We just completed the hop from the rarefied air of Cusco down to the muggy coast city of Lima and, after a ridiculously filling round of salads and milkshakes, are sitting together in a hotel lobby wrapping up the month of exploring Peru with final writing prompts, debrief, and a Lucha Libro (story writing competition indigenous to Peru). The opportunity to contemplate, reflect, and make conscious lessons learned from shared experience is such a remarkable part of this approach to education.
In departing the high country, I was contemplating why I love mountain
people and cultures so much. Part of it, I think, are the common
threads of humility, simplicity, and joy among those that live among
the atmosphere-scraping peaks of the world. I’ve found that mountain people see the power and presence of the Divine at the center of all things, and don’t subscribe to the common egocentric western cultural view of themselves as the center. Mountains inspire balance, perspective and again, humility. Each time I have the opportunity to travel among the Quechua of the Andes or the Tibetans of the Himalaya I am challenged to reprioritize how I approach my day to day life and to see things differently.
The other day I had rung the buzzer on the gate at our hostel in the Sacred Valley after an early morning run and waited for the latch to turn and the gate to swing open with a “buenos dias” from the other side. But that didn’t happen. I waited five minutes and buzzed again. Nothing. I waited 10 minutes and buzzed again. Nothing. I waited 15 minutes, spent the time in quiet prayer preparing for the day, and then came into mind, “look differently.” I turned and looked at the door. There, right in front of me near the buzzer, was a tiny string coming through a hole in the door. I pulled the string. A bell jingled. “Buenos dias señor,” came through the gate as it swung open. After some weeks among these beautiful, humble people who live with great simplicity and joy, I am learning a little more about how to look differently.
This morning in the dawn hours before we headed to the airport, I ran up to the top of the peak above Cusco for a final look out across the city. On the descent I saw a Quechua woman come out of small hut on the hill across from me and could hear the baby on her back, wrapped in her traditional red alpaca manta, cooing as the woman began trotting down the mountain on the trail to town a few miles below. Our trails merged a few minutes later, and we smiled at each other as I crossed in front and continued my descent. I thought I recognized her as one of the vendors on the main square selling “100% maybe alpaca” hats and knick-knacks to the hoards of travelers like us. A mile or so later I heard something behind me and looked over my shoulder into the eyes of the baby who was still cooing and had just caught me on the back of his mother in her traditional hat, sweater, shawl, multi-layers petticoat skirts, stockings and black leather clogs. Not only had she caught me, the impish grin on her face made it clear she was ready to pass. The trail split ahead. I went right, she went left, and the race to Cusco was on.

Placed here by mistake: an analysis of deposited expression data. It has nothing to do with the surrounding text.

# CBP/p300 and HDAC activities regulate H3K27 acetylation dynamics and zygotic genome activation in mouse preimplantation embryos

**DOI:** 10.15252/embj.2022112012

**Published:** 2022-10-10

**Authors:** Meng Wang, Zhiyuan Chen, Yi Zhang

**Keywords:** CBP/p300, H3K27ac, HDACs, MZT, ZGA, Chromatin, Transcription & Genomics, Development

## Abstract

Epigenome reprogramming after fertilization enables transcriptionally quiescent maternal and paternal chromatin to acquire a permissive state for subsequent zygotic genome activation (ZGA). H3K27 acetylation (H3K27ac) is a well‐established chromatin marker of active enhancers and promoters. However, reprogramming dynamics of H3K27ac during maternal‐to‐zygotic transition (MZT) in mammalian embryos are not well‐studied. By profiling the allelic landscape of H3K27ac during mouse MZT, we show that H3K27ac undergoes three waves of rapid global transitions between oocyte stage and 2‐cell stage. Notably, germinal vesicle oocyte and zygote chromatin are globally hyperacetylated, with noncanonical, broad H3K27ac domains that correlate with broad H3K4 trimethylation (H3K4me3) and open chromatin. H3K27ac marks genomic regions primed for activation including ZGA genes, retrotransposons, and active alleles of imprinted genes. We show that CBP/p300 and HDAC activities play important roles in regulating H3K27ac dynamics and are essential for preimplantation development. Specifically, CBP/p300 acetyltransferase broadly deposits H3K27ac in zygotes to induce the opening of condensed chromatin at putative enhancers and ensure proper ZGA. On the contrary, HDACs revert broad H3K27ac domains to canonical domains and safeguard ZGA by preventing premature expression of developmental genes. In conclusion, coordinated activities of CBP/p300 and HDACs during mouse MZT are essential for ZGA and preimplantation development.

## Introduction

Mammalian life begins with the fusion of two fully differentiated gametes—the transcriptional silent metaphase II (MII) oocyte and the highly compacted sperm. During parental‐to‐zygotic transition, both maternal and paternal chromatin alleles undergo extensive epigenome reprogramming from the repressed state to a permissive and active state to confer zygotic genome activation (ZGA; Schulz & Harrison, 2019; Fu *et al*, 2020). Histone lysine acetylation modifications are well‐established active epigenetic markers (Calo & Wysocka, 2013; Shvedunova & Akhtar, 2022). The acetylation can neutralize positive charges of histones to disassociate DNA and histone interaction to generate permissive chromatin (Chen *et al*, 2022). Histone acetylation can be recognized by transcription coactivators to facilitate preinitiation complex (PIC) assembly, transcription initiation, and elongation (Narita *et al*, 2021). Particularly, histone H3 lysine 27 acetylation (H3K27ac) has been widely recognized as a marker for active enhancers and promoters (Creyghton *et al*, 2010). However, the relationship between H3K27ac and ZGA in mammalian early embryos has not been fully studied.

I could see the woman gaining ground on the trail across the ravine. She checked regularly and knew she was putting distance on me. I have to assume the baby was into this as well. When the trails came back together, I looked up from the stones and could see her 100 yards below me and descending with a fluid grace. At the next trail split she went left again, I went right again, and she gained ground again. We were in the outskirts of Cusco and onto the back roads. No longer able to see her, I resigned myself to having been outrun, outfoxed, and out-joyed by this grinning mountain woman. But nope, there she was again, right in front of me coming out of a side alley. In an all out, 12,000 foot high sprint, I caught up to her and laughing we smiled together at the impromptu joy of running down the mountain in the early morning quiet.
She turned towards the Plaza and I towards our hostel. Joy, simplicity, humility. I’m learning a little bit at a time from these fine people about how to look differently.